479 ft of Climbing
Last day of the ride, folks. No need for my tent, sleeping bag, stove, food, clothes, hygiene kit, etc. Today was Supposed to be just a little 28 mile ride to the Mexican Border. I rode with just my handlebar bag. A couple of riders had told me that they easily got to the border by following the bike path, with no navigation for most of the day. Yeah, right. That was bad information. There were turns in the bike paths, that, if you don’t take them, send you into rabbit hole cul-de-sacs, marinas, etc. After 34?days on a bike, those little missed turns were beyond irritating.
I started out a short block from the hostel, riding on the beachfront bike path. Early in the day, there is very little traffic on that path, so riding was quite enjoyable.
After passing through Mission Bay and Point Loma, I was supposed to catch a ferry to Coronado Island, but the map and street signs were in conflict. I was supposed to turn right at this big San Diego Airport sign, which seemed incredulous, but that’s what my map told me, so I did it. And the ferry to Coronado Island was really just a boat, so I rode right past it twice. But eventually, I made my way to the island.
Right off the ferry, I caught a bike path that took me all the way through Coronado, past the Naval Amphibious Base, through the Silver Strand, and back into San Diego. It was smooth sailing–some mighty fine cycling.
After a stop for brunch at Denny’s, I headed south toward the border. And from that point until I actually arrived at the border, I felt like I was already in Mexico. I passed by dilapidated ranches, disassembled horse boarding/training facilities, and worn out houses and mobile homes, until I started running into a lot of US Border Patrol agents on horses and in vehicles and helicopters. It’s a busy place, down there.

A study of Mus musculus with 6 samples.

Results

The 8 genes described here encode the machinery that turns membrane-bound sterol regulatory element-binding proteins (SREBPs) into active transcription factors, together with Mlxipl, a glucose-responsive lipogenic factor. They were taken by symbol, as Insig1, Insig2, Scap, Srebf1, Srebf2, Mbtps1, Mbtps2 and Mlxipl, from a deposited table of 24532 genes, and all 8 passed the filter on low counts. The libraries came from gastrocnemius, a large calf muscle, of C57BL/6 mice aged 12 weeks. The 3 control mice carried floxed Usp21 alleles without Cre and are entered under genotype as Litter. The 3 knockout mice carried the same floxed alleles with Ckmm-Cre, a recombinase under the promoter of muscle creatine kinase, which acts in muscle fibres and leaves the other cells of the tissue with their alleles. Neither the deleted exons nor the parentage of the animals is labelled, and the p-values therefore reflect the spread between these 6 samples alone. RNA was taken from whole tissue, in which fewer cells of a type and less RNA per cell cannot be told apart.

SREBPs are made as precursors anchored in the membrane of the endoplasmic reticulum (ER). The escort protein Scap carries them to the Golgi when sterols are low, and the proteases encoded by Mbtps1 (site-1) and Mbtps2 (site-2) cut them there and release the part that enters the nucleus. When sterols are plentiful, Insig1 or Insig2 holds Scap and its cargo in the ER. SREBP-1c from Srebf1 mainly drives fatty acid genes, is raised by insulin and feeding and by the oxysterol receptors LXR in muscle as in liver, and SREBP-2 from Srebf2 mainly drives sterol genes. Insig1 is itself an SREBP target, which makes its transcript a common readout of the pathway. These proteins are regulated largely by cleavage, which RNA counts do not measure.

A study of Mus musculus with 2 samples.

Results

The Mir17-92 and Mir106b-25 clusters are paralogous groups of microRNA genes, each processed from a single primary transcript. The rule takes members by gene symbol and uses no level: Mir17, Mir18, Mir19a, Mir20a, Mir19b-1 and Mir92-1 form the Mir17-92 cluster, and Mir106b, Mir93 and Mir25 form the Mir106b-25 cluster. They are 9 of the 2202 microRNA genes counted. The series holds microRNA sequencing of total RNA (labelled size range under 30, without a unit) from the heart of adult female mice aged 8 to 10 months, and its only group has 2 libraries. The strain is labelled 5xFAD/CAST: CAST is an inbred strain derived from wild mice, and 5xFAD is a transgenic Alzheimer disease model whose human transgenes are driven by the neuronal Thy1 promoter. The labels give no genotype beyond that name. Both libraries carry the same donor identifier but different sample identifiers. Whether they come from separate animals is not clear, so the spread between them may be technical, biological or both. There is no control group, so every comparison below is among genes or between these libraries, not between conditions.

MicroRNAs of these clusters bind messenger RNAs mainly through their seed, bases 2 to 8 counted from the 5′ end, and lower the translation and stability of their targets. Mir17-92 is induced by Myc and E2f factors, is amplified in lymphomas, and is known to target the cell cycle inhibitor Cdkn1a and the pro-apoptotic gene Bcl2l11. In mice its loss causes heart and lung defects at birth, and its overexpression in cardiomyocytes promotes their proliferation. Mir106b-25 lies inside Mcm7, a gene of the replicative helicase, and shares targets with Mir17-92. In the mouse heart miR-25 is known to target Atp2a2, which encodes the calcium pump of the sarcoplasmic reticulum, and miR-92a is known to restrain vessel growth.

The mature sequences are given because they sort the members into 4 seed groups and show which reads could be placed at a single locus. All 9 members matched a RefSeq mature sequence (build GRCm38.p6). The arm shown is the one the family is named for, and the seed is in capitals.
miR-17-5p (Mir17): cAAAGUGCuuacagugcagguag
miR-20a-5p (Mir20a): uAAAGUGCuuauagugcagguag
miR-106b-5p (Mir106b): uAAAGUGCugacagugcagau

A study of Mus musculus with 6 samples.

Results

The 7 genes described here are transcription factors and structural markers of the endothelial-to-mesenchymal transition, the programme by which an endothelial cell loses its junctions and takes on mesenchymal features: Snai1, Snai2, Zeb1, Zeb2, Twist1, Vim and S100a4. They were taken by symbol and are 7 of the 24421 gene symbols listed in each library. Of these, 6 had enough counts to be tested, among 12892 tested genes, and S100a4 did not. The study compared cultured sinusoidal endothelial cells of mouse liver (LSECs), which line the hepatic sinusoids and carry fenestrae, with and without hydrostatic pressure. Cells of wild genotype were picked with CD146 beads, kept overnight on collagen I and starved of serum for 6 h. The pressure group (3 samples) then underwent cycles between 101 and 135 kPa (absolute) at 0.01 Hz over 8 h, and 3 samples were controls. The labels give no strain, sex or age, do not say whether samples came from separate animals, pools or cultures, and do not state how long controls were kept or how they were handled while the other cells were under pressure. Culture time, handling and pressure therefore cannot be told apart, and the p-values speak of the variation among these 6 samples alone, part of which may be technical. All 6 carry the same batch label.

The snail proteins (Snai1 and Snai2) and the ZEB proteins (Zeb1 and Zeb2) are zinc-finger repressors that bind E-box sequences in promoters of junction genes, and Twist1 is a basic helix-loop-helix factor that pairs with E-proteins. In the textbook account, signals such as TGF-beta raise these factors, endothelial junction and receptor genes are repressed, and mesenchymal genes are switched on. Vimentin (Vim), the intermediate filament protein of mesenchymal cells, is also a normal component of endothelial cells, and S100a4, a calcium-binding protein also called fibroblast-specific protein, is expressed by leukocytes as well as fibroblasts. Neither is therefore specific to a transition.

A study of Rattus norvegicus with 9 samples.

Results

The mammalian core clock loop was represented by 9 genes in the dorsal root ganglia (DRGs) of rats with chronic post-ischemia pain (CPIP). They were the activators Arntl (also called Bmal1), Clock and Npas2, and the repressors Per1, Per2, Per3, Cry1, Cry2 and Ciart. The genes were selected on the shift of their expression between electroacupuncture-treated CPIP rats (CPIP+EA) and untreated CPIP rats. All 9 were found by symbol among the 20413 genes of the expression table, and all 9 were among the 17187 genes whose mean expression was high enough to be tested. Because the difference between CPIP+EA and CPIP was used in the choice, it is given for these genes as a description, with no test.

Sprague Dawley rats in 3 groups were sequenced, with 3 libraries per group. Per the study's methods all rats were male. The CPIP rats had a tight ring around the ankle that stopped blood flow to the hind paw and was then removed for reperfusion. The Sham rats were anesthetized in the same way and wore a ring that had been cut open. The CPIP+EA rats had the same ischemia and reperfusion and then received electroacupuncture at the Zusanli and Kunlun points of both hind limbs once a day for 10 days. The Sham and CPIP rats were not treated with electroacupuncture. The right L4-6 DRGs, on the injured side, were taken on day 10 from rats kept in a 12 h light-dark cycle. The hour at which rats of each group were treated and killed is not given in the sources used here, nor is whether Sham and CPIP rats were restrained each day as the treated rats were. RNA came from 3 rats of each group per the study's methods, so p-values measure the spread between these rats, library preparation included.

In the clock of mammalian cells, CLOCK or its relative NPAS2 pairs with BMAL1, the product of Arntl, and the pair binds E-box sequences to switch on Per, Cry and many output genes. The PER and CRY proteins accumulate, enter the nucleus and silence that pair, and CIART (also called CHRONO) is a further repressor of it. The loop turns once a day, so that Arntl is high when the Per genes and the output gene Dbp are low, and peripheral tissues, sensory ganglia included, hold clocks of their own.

This is the entry to what was formerly probably a city or county park, but now it looks like it’s on no man’s land. Cars aren’t even allowed on the road. I felt like I was at Panmunjom, on the border of North and South Korea. Is this just propoganda? Are the large condos/apartments on the other side of the border real or just staged? What the heck is Imperial Beach? I thought it was a city or beach, but the sign was marking a huge field.
By the time I reached what seemed like the end of the road, I hadn’t seen a human in over 5 minutes, and this is where the ACA maps let me down. There really was no way to get to or cross the border, with all the threatening signs and fences–a US fence and a Mexican fence. Okay, so I’ll admit it was pretty darned anti climactic. But I’m over it. I turned around, and headed back to town. Finding the first transit stop I could, I hopped on a bus and rode buses, the trolley and my bike to pick a a rental suv that easily held my bike.
This is the Bullring By The Sea, where bullfights appear to be scheduled monthly. You obviously don’t cross the border here to get to them. You pay for a shuttle that takes you through an actual border crossing. Sounds kind of fun–the bullfight, not the border crossing.
After picking up my gear at the hostel, I headed over to Julie and Charlie’s, my sister and brother-in-law’s, house. It was great to see them and have a real chair to sit in, and a real shower to shower in, and clean floors to walk on, and a computer with a real screen and keyboard to work on–all those little things you take for granted when you’re not living in campgrounds and cheap motels. Thanks for the great hospitality, Julie and Charlie! Ending the ride at your place was a great way to wrap things up!